Telematics For Tennis Rackets Can Provide For Virtual Coaching

As reported by EuroSportMany sporting gadgets come and go with barely a flicker of attention, but there is now a tool that could transform tennis forever.  

An exaggeration? Only time will tell, but the number of top companies involved surely gives an indication as to its genuine potential.
Sony have unveiled a tennis sensor - a little gadget that is attachable to the base of a tennis racket - and Babolat have released their 'Play Pure Drive' effort with one already embedded into the grip.
To put the device in its simplest terms, it is like having a virtual 'tennis coach' to assess your every shot, sensing where the ball strikes the racket and the quality of the contact.
It counts forehands and backhands, serves and smashes and provides stats in the form of tennis data that can be analysed, stored and compared.
The sensor can gather data such as ball speed, accuracy, angle, etc and will pair the info with devices such as Bluetooth, phones, computers and USB connections.
More than simply a coaching aid, the sensor would allow even the top players to quickly and effectively assess their own shots and learn from specific errors during a match.
Would this go right the way to the top elite level? That all depends on how it is received within the tennis world, but the potential is there for it to improve broadcasting tools in addition to personal analysis.
Babolat's latest venture into the field of personal sporting analytics has been put through the International Tennis Federation's official approval process and could well impact the professional game if it is viewed as beneficial to everyone involved.
Babolat's Play Pure Drive (Babolat)
Put simply, if the ITF approve the sensors then they could be used in Grand Slams. Given that the technology already exists on the market, the top players would provide companies the exposure and publicity they desire.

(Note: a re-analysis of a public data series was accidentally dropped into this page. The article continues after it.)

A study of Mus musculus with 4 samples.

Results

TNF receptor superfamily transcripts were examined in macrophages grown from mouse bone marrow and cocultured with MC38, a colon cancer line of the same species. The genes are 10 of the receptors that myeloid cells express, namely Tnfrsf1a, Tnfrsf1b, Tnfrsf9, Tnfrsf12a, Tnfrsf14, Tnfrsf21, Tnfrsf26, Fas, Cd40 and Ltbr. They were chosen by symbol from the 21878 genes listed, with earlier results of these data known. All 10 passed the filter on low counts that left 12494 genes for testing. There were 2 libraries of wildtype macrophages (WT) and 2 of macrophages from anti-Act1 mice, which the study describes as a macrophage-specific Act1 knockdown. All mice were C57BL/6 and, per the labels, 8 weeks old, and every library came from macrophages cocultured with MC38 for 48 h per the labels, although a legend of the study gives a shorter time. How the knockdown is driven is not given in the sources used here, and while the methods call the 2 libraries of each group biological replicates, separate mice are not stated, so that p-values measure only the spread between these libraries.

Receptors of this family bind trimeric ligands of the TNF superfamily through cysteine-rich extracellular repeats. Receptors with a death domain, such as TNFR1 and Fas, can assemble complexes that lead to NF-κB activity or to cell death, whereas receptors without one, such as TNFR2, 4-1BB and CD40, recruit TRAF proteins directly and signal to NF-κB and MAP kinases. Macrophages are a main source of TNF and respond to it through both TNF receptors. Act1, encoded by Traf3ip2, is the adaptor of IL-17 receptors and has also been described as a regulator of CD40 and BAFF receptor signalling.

Gael Moureaux, tennis racquets products manager at Babolat, has said: "We integrated sensors inside the handle of the racquet, but it does not change the specification.
"And these sensors will analyse your tennis game, so your swing - your motion - and all this information will be collected by the racquet.
"During the development process of the racquet, we did a lot of lab tests with a lot of players around the world to make sure the data is accurate and to have the right data for the player."
What does this mean for your average amateur tennis lover? The Babolat Play Pure Drive is already out on the market, while Sony's Smart Tennis Sensor will be priced at around £106 when it moves from Japan, where it is currently available.
According to Sony who announced the sensor’s availability in Japan, the sensor will be compatible with around six Yonex EZone and VCore tennis rackets, but additional racket compatibility will be available before long.
Sensor-connected racquets are already with us and who is to say that this will not end up becoming the accepted next phase of the tennis equipment revolution.
We've come quite a way from wooden racquets with tiny heads. This crazy-looking new gadget could yet transform the sport as we know it.